Backing up your Cakewalk files - The benefits of the Bundle
In the wonderful world of computers, backing up your work is more than a good idea. It's essential when you're using your computer for creative projects. Making backup copies of your Cakewalk files is quick, easy, and can save you some serious headaches, as well as hard drive space.
The preferred method for backing up files containing audio data is to save them as Cakewalk Bundle (.BUN) files. Here's how to do it in Cakewalk:
- Choose File | Save As.
- Change the Save As Type to Cakewalk Bundle.
- Name the file.
- Choose your saving location, and save the file.
Why use Bundle (.BUN) files rather than Project (.WRK) files for backing up?
First, a quick lesson: A Project (.WRK) file contains MIDI data, project-specific settings, and references to audio data that resides in the location specified by the current Data Directory (Options | Audio | Advanced). Backing up the .WRK file, or transferring the .WRK file from one machine to another, will NOT automatically backup or transfer the audio clip files referenced by that .WRK file. So saving or copying a .WRK file alone is not enough to safeguard your projects or transfer them to a different computer.
The .WRK format is perfect for everyday Cakewalk use, and we don't suggest you save as a Bundle every time you save. However, once you've come to a point in a project where you've made significant progress and feel the need to back up the file, the Cakewalk Bundle comes into play.
The Bundle (.BUN) format preserves ALL data, audio and otherwise, in one file, which can then be moved to any location you like. Because of this, these files also tend to be quite large and slow to open. You'll need to save your Bundle files on your hard drive, or on some large capacity storage medium such as a CD or tape drive. Once that's done, you can delete the .WRK file version, then use the Clean Audio Disk command to remove the associated audio files (which you don't need because they're saved in the .BUN file now). This will free up space on your hard drive for your next project.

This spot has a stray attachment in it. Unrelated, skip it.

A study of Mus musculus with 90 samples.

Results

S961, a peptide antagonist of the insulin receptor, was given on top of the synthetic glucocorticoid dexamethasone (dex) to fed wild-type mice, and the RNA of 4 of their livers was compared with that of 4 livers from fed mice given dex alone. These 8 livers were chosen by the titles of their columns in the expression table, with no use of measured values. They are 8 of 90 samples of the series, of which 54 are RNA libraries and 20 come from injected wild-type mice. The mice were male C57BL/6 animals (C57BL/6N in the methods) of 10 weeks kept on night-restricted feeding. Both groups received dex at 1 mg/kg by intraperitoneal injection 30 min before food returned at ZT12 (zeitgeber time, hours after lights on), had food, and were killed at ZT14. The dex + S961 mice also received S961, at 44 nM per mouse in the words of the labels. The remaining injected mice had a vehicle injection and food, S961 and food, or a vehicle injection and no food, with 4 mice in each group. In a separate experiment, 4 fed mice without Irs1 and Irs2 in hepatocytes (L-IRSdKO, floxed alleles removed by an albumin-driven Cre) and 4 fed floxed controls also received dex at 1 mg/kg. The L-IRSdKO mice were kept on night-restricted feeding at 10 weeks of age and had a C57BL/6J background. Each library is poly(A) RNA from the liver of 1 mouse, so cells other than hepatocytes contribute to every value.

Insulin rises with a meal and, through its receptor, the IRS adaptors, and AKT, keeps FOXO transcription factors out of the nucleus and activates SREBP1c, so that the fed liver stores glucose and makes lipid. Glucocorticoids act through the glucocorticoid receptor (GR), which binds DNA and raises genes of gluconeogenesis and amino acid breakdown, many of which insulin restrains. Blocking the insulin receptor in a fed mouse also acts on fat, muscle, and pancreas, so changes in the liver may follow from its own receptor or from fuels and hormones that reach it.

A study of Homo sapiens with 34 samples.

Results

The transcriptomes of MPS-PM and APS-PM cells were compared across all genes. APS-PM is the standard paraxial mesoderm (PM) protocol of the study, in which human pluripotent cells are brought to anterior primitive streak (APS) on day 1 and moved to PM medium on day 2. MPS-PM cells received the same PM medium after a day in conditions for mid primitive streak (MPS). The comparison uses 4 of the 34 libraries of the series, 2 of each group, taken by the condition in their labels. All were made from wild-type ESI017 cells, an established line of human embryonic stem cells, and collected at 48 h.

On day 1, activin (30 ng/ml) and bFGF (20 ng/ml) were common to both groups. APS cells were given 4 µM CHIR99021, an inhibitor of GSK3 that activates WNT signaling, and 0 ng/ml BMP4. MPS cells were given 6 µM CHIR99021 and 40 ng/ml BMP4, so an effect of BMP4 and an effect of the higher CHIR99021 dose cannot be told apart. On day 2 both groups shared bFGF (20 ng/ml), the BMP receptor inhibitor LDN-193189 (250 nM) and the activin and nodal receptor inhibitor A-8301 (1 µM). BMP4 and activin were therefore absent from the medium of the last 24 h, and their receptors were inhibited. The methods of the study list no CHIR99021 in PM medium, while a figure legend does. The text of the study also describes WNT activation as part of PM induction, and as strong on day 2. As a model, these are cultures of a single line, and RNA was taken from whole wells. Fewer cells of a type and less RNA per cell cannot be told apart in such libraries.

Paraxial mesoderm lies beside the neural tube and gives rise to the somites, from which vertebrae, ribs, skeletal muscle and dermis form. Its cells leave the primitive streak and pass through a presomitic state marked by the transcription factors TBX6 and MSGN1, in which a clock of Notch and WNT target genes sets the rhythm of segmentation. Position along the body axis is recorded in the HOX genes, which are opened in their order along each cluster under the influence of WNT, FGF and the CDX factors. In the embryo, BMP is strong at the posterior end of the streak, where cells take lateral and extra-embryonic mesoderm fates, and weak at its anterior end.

When you're ready to work with the project again, simply choose File | Open and navigate to the location of the Bundle file. The file will open with all data preserved just as you left it.
Another advantage of the Bundle file format is that you can give that Bundle to another Cakewalk user, and he or she can open it up in the version of Cakewalk they have installed on their computer. It's a great way to share files with friends, co-workers, and collaborators.
For example: If you carry a .WRK file from your machine over to your friend's house and try to play it on his computer, you'll find that any audio data you recorded in that .WRK file is missing. That's because the audio data is actually still residing in the Data Directory back on your machine, and wasn't transferred to your friend's machine when you brought the .WRK file over.
If you carry a .BUN file from one machine to another, that .BUN file will have all the data in it and will open up on your friend's machine just as it does on yours.
Bundle files can be attached to emails, though their large size may be somewhat prohibitive if you don't have a very fast connection.